Ozgur Karcioglu1* and Banu Arslan2
1Department of Emergency Medicine, University of Health Sciences, Istanbul Training and Research Hospital, Fatih, Istanbul, Turkey
2Emergency Physician, Department of Emergency Medicine, Marmara University, Pendik Education and Research Hospital, Istanbul, Turkey
*Corresponding Author: Ozgur Karcioglu, Professor, Department of Emergency Medicine, University of Health Sciences, Istanbul Training and Research Hospital, Fatih, Istanbul, Turkey.
Received: July 19, 2018; Published: July 31, 2018
Citation: Ozgur Karcioglu and Banu Arslan. “Pain Management with Opiates in the Emergency Department”. Acta Scientific Medical Sciences 2.5 (2018).
Pain is recorded as the commonest complaint on admission in the acute setting . In 2008, roughly, 45% of ED visits were noted to have involved either moderate or severe pain . The International Association for the Study of Pain (IASP) describes pain as ‘an unpleasant sensory and emotional experience associated with actual or potential tissue damage, or described in terms of such damage’ . Early and expedient treatment of pain is important to alleviate both short-term and long-term consequences of acute pain, whichis known to respond to the management of the underlying condition .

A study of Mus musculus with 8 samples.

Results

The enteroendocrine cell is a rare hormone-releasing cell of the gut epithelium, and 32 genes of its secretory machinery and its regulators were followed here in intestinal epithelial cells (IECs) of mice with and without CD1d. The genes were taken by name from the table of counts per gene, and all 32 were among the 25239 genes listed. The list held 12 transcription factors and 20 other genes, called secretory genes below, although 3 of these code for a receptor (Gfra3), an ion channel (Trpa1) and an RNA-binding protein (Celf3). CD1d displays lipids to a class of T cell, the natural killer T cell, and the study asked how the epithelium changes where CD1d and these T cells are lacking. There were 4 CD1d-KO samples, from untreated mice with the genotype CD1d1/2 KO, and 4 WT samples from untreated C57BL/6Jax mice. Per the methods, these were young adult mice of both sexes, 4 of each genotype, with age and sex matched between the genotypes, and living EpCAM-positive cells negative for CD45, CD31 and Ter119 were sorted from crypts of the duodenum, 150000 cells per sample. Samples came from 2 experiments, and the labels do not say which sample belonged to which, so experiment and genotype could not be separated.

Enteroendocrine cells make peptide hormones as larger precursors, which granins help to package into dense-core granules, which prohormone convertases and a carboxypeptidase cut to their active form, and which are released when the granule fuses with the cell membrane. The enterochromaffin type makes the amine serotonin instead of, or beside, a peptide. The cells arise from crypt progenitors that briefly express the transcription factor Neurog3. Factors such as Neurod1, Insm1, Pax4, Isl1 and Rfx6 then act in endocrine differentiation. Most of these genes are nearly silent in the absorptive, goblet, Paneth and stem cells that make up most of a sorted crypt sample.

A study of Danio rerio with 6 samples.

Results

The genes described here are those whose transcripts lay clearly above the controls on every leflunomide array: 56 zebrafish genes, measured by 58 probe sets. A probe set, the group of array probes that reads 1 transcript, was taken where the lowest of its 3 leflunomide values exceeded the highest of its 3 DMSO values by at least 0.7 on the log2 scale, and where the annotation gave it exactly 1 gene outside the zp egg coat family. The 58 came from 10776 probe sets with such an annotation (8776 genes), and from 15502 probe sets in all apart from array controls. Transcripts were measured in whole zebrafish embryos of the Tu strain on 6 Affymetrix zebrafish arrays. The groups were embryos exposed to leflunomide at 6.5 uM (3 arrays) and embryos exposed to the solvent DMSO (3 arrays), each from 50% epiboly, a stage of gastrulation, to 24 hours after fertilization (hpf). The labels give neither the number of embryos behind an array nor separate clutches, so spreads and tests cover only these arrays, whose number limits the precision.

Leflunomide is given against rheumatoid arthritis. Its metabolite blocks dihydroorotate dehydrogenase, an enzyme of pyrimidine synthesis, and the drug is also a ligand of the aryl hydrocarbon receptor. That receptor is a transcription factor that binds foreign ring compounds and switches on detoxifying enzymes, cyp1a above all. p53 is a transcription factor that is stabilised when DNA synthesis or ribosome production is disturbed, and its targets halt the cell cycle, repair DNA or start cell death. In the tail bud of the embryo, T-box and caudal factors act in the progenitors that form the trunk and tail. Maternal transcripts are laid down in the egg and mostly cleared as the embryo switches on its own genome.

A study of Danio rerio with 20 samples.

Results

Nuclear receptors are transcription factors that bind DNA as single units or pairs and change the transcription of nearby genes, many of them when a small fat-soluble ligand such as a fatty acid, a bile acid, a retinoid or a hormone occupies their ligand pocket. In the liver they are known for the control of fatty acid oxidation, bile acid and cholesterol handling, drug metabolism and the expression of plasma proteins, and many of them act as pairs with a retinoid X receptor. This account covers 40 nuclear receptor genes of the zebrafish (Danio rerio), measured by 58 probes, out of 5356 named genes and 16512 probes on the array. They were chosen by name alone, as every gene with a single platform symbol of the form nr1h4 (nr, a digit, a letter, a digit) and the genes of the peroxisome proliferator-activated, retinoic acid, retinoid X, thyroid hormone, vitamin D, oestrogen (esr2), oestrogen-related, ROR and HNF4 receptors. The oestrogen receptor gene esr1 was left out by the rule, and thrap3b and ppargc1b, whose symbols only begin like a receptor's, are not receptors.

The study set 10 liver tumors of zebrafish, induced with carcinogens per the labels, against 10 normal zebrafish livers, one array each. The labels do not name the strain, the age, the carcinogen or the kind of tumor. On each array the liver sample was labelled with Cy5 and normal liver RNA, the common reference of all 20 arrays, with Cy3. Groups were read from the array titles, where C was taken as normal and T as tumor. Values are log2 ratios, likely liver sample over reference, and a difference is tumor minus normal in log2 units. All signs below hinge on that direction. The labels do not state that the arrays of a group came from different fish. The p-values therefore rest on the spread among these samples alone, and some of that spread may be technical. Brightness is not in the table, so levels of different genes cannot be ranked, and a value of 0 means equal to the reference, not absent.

Pain is what the patient describes it is. A wide array of psychological, sociocultural, temporal and situational variables impacts how human being perceive and express pain he or she feels. Age, sex, ethnicity, accompanying psychological and economic status of the individual are the factors that have an impact the way a patient transmits complaints. Females are likely to describe the degree of pain higher than males and are administered more painkillers .
Copyright: © 2018 Ozgur Karcioglu and Banu Arslan. This is an open-access article distributed under the terms of the Creative Commons Attribution License, which permits unrestricted use, distribution, and reproduction in any medium, provided the original author and source are credited.